What is wool?Expand History, processing and manufacturing process of wool;Wool Classifications and classification of wool by fleece?

textile Designing

Wool:

The word wool was wull in old English. Wool is the fiber from the fleece of domesticated sheep.

Principal Origin : Natural

Generic name : Animal hair

Chemical type : Proteinaceous Common

name : Wool

History:

When wild sheep were killed by primitive people for food they used the pelts as body coverings. It is believed that ancient shepherd in the first century A.D. discovered that Merino sheep could be bred to improve the fleece. Soft wool is developed by breeding different species of animals. It provides warmth and physical comfort.

These quality combined with soft resiliency make wool desirable for apparel as well as for such household uses as rugs and blankets. The quality of wool fiber is determined by the breeding, climate, food, general care and health of sheep. Cold weather produces a hardier and heavier fiber. Excessive moisture dries out natural grease. Insufficient or poor food retards growth.

Processing:

To produce good quality of wool, sheep are prevented against disease by chemicals and are fed nutritional diets. Wool can be sheared from the living animal or pulled from the hide after the animal has been slaughtered for its meat or it is dead due to some disease or something. The sheared wool is called fleece or clip wool.

Fibers taken from the slaughtered animal hide are called pulled wool. It is not as good as clipped wool. The shearing of clipped wool can be done manually or chemically. In chemical shearing the animal is fed a special chemical, which causes the wool to become loose from the skin, orfall away and it can then be brushed together and removed without mechanical shearing.

Pulled wool can be removed by treating with a depilatory that loosens the fibers and permits them to be pulled away from skin without damaging the hide or it can be loosened by the action of bacteria on the root end of the fiber. Pulled wool when used is usually mixed with fleece wool before processing into yarns and fabrics.

Manufacturing Process:

Long and short fleece are separated. Superior wool comes from the sides and shoulders, where it grows longer, finer and softer, and is treated as one fleece; wool from the head, chest, belly and shanks is treated as second fleece. The wool is packed in bags or bales. The raw wool is called grease wool because it has natural oils of sheep. It is washed and the grease is used in the pharmaceutical industries. Wool is then sorted which is the process of breaking up an individual fleece into its different qualities.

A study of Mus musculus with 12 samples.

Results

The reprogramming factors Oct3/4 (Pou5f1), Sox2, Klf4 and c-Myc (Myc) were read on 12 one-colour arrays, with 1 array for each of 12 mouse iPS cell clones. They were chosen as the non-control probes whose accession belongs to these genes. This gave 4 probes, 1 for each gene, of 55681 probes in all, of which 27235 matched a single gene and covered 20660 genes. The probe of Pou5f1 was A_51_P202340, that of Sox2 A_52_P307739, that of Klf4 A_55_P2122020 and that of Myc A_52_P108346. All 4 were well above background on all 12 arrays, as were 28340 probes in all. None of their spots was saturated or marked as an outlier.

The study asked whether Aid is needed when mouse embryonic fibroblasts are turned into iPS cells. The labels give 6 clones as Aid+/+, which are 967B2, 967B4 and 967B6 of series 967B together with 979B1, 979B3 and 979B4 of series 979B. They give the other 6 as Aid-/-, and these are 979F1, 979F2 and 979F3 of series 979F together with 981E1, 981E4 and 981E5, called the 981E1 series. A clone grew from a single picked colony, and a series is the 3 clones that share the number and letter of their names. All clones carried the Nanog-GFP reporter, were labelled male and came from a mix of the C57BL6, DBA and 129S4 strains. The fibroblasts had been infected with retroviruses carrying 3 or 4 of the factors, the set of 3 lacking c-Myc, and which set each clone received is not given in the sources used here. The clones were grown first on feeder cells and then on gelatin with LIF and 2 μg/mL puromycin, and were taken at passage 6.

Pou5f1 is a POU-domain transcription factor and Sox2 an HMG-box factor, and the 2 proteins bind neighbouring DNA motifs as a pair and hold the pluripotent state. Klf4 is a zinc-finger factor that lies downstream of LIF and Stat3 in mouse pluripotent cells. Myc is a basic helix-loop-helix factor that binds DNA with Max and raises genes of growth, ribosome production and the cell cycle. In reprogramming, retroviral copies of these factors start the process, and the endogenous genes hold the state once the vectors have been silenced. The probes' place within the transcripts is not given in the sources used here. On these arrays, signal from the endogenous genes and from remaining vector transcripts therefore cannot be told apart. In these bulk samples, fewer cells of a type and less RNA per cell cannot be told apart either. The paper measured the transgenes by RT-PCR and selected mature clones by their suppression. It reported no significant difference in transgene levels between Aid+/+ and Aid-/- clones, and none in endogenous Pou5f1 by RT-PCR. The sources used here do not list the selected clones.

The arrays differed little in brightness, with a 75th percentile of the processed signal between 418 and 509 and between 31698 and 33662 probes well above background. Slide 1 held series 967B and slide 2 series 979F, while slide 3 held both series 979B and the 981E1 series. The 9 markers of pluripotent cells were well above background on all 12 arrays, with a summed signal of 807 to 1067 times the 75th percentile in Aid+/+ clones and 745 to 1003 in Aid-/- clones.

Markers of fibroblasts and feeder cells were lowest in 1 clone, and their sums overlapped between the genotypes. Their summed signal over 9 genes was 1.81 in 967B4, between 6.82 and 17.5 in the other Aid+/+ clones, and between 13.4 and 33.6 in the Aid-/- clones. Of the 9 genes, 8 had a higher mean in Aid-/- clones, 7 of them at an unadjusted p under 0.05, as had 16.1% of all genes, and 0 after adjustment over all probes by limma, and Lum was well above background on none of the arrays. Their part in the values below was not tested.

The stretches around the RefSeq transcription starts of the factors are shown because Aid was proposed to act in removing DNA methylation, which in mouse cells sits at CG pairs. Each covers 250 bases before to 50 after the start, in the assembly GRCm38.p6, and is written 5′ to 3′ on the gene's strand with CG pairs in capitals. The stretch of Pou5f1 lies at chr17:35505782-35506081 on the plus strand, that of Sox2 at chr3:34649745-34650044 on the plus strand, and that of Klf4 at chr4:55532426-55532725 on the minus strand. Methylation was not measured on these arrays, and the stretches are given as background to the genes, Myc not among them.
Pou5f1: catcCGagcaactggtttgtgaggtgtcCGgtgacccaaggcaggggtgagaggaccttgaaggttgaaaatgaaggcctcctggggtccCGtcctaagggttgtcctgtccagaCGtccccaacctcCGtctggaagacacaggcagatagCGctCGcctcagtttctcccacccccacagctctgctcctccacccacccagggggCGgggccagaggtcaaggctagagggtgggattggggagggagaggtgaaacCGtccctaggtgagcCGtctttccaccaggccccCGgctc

Recycled wool fibers are obtained by separately reducing the unused and used material to a fibrous mass by a picking and shredding process called garneting. This is then treated with acids and the process is called carbonizing and the process is called scouring. The wool is then dried leaving 12 to 16% of the moisture. As the wool is unmanageable after scouring, the fiber is usually treated with various oils, including animal, vegetable, and mineral or a blend of these to keep it from becoming brittle and to lubricate it for spinning. The wool is then dyed if required and blended.

Classification for wool:

There are about 40 breeds of sheep and more than 200 which are crossbred. Wool producing sheep may be classified into four groupings according to the Wool Quality.

1. Merino wool:

Merino sheep produces best wool. It is found in Spain. The staple is relatively short. Ranging from 1 to 5 inches but the fiber is strong, fine and elastic and has good working properties. It has greatest amount of crimp and has maximum number of scales. Used for best wool clothing.

2. Class-two wools:

This variety is not less than a very good quality wool. Its fiber is 2 to 8 inches in length, has a large number of scales per inch and has good crimp. The fibers are strong, fine and elastic and have good working properties. Found in England, Scotland and Ireland.

3. Class-three wools:

The fibers are from 4 to 18 inches long and are coarsened have few scales and less crimp than merino and class-two wool. Smoother and more lustrous. Good enough for clothing. Originated in U.K.

4. Class-four wools:

This class refers to half-breeds. Fiber length ranges from 1 to 16 inches, coarse, hairlike have relatively few scales and little crimp and are smooth and lustrous. Mainly used for carpets, rugs and inexpensive low-grade clothing.

Classification by Fleece:

Wool shorn from young lambs differs in quality from that of older sheep. Also, fleece differ according to whether they come from live or dead sheep, which necessitates standards for the classification of fleece.

1. Lamb’s wool:

The first Fleece sheared from a lamb about six to eight months old is known as lamb’s wool and or fleece or first clip wool. This wool is of very-very fine quality. The fibers are extremely soft.

2. Hogget Wool:

Fleecing of wool Wool from 12 to 14 month old sheep for the first time. The fiber is fine, soft, resilient and mature. Good strength and is used for warps.

3. Pulled Wool:

Wool from slaughtered animal and is of inferior quality as quality of wool is not as good and roots of fibers are generally damaged.

4. Dead Wool:

Wool from dead animal which is inferior in grade.

5. Taglocks:

The tom, ragged or discolored parts of a fleece are known as taglocks.

6. Recycled wool:

Old woolen stuff is broken to make woolen fibers and shred them to yarns again.